Fly British Airways from London Heathrow to Sofia.

Kick off your tour of Sofia at the gold-domed Alexander Nevsky Cathedral. This Byzantine-Muscovite church has a lavishly decorated interior and is said to have the capacity to hold 7,000 people. The crypt houses the Icon Museum, which charts the history of iconography. The Sofia travel guide recommends the museum as a must-see.

Also on this square to the right of the cathedral burns the Eternal Flame of the Unknown Soldier, a memorial to those who lost their lives in war. Behind the monument is the fifth-century Saint Sofia Church, which has been mostly restored but still contains fragments from its past, including a partial Roman mosaic floor.

A short distance away is the Ethnographic Museum, with displays of folk arts and crafts and information on traditional rites and rituals. According to the Bulgaria In Your Pocket guide, 2007 highlights include a look at northwestern Bulgaria inhabitants called the Toriaks and their brightly colored textiles, pottery and costumes.

Across the street, visitors can explore the city garden with a leisurely stroll or watch locals meander from a seat at one of the park’s myriad open-air cafes.

From there, it is best to catch a taxi and head to the suburb of Boyana. At the Boyana church, English-speaking guides will provide commentary on the 13th-century frescos that leave many in awe. The church, along with its surrounding gardens full of Roman ruins, is a U.N. Educational, Scientific and Cultural Organization site. Be aware that visitors are allowed only 10 minutes in the church at a time.

Also in this suburb is the National History Museum, which contains more than 650,000 exhibits including Thracian gold and silver, apocalyptic Bulgarian icon paintings and colorful frescoes taken from the country’s monasteries.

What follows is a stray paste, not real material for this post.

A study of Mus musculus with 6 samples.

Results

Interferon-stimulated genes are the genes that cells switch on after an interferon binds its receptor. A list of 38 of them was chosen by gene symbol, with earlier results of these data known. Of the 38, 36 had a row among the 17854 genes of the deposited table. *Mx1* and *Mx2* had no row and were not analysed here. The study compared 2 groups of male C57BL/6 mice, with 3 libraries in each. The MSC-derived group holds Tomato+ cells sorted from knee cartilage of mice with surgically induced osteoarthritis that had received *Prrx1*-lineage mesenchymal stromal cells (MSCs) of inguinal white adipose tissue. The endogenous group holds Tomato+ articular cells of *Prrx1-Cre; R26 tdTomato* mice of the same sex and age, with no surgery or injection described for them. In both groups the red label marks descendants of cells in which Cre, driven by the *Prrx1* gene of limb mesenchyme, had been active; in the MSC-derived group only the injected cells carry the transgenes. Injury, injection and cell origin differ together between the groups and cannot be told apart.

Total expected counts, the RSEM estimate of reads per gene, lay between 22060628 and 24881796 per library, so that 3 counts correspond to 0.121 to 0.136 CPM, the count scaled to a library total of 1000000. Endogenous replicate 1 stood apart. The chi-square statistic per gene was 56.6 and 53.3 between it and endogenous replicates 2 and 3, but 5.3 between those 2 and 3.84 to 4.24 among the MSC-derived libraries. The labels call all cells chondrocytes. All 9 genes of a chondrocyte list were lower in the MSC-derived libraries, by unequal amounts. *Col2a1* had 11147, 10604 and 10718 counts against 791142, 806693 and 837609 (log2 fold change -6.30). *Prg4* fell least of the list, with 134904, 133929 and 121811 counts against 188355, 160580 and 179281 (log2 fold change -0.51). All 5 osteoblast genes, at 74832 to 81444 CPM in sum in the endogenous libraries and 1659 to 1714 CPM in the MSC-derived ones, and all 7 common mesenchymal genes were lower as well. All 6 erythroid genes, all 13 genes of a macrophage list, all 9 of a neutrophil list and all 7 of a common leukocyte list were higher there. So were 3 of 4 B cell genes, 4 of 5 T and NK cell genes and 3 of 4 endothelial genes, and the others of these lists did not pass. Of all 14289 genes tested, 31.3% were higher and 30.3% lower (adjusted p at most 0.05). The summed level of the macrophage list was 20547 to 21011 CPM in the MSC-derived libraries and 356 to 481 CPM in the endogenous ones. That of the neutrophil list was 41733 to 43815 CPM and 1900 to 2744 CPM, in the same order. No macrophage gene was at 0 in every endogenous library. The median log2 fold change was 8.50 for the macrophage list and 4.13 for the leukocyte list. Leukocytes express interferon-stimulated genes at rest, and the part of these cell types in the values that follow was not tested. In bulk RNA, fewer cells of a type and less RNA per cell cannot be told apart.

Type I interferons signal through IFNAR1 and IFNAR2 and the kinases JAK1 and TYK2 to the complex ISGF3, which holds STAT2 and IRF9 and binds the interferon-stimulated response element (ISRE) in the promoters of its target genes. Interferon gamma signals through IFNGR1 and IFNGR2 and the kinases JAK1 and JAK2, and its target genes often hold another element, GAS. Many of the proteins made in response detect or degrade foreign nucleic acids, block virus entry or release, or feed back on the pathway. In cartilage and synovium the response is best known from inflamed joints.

Three months — Oct. 25-28Münster, Germany: 76.77 pounds round trip

Fly Air Berlin from London Stansted to Münster.

Start your exploration of Münster on Prinzipalmarkt, the main street in the city center that also serves as the main shopping district. The Rathaus, or town hall, where the Peace Treaty of Westphalia was signed in 1648 ending the Thirty Years’ War, is on this main road and can be visited during the day.

Also on Prinzipalmarkt is St. Lamberti Church, where visitors can see one of the last remaining medieval sculptural decorations in its original place in a church — the “Tree of Jesse.” Be sure to pick up literature from the church for an explanation of the three iron cages located in the tower.

At midday, visit the 13th-century St. Paul’s Cathedral, which has been completely restored after World War II. The cathedral is adorned with an astronomical clock with hand-painted zodiac symbols, and each day at noon you can hear the clock play a tune.

Art enthusiasts should visit the Pablo Picasso Museum of Graphic Art devoted exclusively to Picasso’s graphic works. According to the museum’s Web site, it has a complete collection of his lithographs, with 800 in total.

On the edge of the city is the Westphalia Museum of Natural History, showcasing many archaeological and paleontologic exhibits on the local area. The museum also has a planetarium and a popular collection of dinosaur bones.

Airfare prices include estimated taxes and are courtesy of the Web site www.skyscanner.net. Prices were verified as of Monday afternoon when Stripes UK went to press. Deals are not guaranteed to be available; restrictions may apply.